Metropolitan News-Enterprise


Monday, June 8, 2020


Page 1


Court of Appeal:

Woman Facing Deportation May Challenge 1991 Drug Conviction

Majority Says 2017 California Supreme Court Opinion Requiring Advisement That Guilty Plea ‘Will’ Have Immigration Consequences—Not ‘May’—Applies Retroactively


By a MetNews Staff Writer


The Court of Appeal for this district on Friday paved the way for a woman to have her 1991 conviction for possession for sale of cocaine base vacated, sparing her from deportation, because she was advised at the time of her no-contest plea that there “may” be immigration consequences rather than that there “will” be.

Such a warning was not then required, but did become mandatory under the California Supreme Court’s 2017 decision in People v. Patterson which relied on the U.S. Supreme Court’s 2010 holding in Padilla v. Kentucky.

Presiding Justice Arthur Gilbert of Div. Six, joined by Justice Stephen Perren, declared that Los Angeles Superior Court Judge Steven D. Blades erred in denying the motion to vacate brought by Josefina Ruiz. Blades held in 2019 that her unsuccessful 2017 motion had a collateral estoppel effect; Gilbert said it didn’t because she was proceeding in 2019 under a version of a statute—Penal Code §1473.7—that did not take effect until Jan. 1 of that year.

The new version, Gilbert said, “facilitated new challenges to convictions based on immigration advisement errors.”

Justice Kenneth Yegan dissented, saying that Patterson creates a new procedural rule and should not be applied retroactively.

Gilbert’s Opinion

Gilbert wrote:

“Assume a defendant wishes to plead guilty to a crime. She is an immigrant and is told: 1) her plea of guilty may make her ineligible to become a U.S. citizen; or 2) her plea of guilty will make her ineligible to become a U.S. citizen. Is there a significant distinction between the two advisements? Our Supreme Court and the Legislature think there is.

“We, like all courts, must follow this view even when it involves the reversal of a plea of guilty that occurred three decades ago. We are mindful of the dissent’s concerns, but the Supreme Court and the Legislature have spoken. The result here is required by law.”

He cited Patterson. The defendant in that case, like Ruiz, was only advised that pleading guilty to a drug offense “may” have adverse immigration consequences, not that it would.

Cites Errors

Based on the 2018 decision in Patterson, Gilbert said, Ruiz should have been advised in 1991 “that immigration consequences were mandatory”; her lawyer in 2017 should have sought to have the conviction vacated based on her not having been so advised; and the judge who heard her motion in 2017 “erred in ruling she was properly advised.”

In broadening §1473.7, the presiding justice said, the Legislature “intended to retroactively target convictions based on the type of inadequate immigration advisements that occurred in this case.,” adding:

“Preventing Ruiz from having a hearing on the merits of her motion would undermine the new law’s legislative intent and would condone a facially invalid advisement without providing a remedy for relief.”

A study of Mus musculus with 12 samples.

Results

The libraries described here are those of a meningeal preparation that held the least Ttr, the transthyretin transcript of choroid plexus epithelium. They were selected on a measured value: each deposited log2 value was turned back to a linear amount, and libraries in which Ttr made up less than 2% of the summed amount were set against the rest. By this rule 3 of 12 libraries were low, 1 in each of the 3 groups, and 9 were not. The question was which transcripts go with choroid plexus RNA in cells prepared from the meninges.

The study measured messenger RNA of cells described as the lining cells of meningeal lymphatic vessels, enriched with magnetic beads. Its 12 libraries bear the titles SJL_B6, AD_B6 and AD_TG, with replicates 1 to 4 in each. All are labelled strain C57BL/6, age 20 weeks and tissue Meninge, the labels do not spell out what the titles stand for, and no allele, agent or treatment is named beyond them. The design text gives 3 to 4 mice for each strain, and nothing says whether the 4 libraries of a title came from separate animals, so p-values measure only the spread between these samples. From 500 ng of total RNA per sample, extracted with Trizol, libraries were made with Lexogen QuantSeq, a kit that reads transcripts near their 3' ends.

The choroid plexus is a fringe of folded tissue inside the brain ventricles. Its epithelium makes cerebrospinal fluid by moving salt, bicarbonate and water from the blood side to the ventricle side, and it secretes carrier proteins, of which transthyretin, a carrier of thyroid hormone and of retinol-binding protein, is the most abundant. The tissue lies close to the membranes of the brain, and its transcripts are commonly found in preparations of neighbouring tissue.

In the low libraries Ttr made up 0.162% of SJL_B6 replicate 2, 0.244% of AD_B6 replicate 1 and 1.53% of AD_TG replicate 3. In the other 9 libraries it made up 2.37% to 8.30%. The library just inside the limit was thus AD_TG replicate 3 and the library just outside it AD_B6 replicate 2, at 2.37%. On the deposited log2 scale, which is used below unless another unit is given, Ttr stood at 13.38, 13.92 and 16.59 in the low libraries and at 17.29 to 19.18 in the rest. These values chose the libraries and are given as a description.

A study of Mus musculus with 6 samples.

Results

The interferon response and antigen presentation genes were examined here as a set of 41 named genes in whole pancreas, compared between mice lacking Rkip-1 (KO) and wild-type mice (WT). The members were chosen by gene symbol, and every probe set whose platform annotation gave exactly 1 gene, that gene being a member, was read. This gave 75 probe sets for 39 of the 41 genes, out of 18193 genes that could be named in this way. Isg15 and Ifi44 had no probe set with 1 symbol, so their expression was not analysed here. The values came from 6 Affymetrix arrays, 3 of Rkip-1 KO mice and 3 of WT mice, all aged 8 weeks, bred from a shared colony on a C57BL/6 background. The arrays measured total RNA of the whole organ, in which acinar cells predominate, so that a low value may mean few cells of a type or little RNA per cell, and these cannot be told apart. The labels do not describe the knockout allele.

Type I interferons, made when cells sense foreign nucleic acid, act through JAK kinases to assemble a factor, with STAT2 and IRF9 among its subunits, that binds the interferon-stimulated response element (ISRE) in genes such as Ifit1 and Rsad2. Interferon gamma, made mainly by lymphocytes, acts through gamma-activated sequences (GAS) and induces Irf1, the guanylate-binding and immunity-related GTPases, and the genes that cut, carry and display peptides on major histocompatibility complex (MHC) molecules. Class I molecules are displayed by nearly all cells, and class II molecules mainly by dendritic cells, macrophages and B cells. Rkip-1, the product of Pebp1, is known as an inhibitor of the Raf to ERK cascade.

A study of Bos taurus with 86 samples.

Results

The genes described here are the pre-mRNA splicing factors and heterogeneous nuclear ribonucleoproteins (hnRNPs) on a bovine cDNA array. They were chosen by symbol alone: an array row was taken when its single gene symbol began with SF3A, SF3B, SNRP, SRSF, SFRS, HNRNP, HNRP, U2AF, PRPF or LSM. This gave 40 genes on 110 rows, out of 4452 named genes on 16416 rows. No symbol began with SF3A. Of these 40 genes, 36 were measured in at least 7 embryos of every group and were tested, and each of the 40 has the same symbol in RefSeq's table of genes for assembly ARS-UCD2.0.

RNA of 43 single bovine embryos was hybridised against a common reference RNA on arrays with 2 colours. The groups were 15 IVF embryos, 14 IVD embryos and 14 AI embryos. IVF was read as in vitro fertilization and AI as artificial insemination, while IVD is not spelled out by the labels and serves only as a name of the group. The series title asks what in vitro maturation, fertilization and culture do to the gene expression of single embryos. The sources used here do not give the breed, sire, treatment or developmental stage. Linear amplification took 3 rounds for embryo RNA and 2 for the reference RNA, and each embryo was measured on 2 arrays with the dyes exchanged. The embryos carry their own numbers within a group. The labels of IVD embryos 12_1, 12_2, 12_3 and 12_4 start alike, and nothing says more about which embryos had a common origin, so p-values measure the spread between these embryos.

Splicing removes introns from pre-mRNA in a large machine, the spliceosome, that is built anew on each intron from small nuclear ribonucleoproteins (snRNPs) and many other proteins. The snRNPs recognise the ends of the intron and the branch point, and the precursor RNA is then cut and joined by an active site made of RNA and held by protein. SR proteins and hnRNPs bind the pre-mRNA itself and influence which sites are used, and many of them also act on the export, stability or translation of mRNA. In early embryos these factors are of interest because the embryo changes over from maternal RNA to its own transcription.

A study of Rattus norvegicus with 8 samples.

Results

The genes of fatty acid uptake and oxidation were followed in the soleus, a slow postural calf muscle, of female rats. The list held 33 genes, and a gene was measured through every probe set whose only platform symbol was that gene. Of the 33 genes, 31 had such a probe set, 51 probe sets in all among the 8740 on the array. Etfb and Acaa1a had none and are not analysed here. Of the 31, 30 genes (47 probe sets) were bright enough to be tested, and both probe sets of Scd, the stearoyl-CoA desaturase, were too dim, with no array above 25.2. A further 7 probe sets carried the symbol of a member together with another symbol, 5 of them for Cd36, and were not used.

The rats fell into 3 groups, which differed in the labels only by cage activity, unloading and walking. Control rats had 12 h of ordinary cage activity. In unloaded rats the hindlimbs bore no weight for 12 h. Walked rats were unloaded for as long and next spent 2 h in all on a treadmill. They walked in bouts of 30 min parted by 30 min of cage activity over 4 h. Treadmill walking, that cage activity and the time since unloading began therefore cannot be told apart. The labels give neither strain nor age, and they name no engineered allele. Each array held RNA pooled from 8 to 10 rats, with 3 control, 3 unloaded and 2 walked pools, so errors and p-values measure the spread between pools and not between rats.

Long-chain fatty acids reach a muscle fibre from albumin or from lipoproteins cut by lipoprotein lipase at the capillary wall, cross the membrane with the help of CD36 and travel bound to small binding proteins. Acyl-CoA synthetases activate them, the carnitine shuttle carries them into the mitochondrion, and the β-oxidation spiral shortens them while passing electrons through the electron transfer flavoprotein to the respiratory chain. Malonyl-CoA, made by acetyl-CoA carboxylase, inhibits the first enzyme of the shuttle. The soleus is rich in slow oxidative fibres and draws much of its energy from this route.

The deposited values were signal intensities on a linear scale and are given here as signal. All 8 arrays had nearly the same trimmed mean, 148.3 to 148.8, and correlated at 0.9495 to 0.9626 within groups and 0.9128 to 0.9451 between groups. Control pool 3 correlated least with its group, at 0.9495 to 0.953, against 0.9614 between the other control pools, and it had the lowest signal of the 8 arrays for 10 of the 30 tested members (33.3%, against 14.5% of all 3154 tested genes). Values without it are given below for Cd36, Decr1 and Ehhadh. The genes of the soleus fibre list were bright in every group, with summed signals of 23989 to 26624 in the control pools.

Yegan’s Dissent

Yegan recited:

“About thirty years ago, appellant entered into a negotiated disposition of her criminal case. She avoided prison. Now she seeks to vacate the conviction altogether because the federal government seeks to impose an adverse immigration consequence. With the aid of a new statute (Pen. Code, § 1473.7) and new California Supreme Court precedent (People v. Patterson) which relied on United States Supreme Court precedent (Padilla v. Kentucky…), she may well be successful according to the majority opinion.”

He pointed out that “[n]o California Supreme Court case says that Patterson is retroactive” that the U.S. Supreme Court held in 2013 that Padilla is to be applied prospectively, only.

“So, why should Patterson be retroactive?” he asked rhetorically.

The jurist continued:

“…Patterson does not resolve or even mention retroactivity. It declares a new procedural rule and I would not apply it retroactively.”

Provides Comments

Yegan commented:

“The Legislature and the Supreme Court have shown concern with the defendant’s rights at the time of a guilty plea. But the People of the State of California have rights too. These rights must be considered in the equation. If appellant is successful in vacating her plea, how are the People going to prove a thirty-year-old narcotics case? The present state of the law not only prejudices the People, it may allow an unfair result which has absolutely nothing to do with guilt or innocence. This devalues the work of the superior court when it took and accepted the negotiated disposition. If successful, and if the People cannot now prove the case, appellant has, in legal contemplation, never been convicted and is not subject to immigration consequences. This will certainly be a surprise ending for this criminal action.”

He questioned whether it would have been accurate to tell her in 1991 that the plea “will” create adverse immigration consequences rather than “may,” noting:

“She was not then deported and apparently quietly lived in the United States for thirty years!”

The dissenter remarked:

“Now it is obvious why appellant is attacking the plea and I have some sympathy for her. She may well have been a model citizen after her 1991 crime. But there is another way to look at this. If she should have been deported in 1991, she has had the benefit of living in the United States for thirty years.”

The case is People v. Ruiz, 2020 S.O.S. 2606.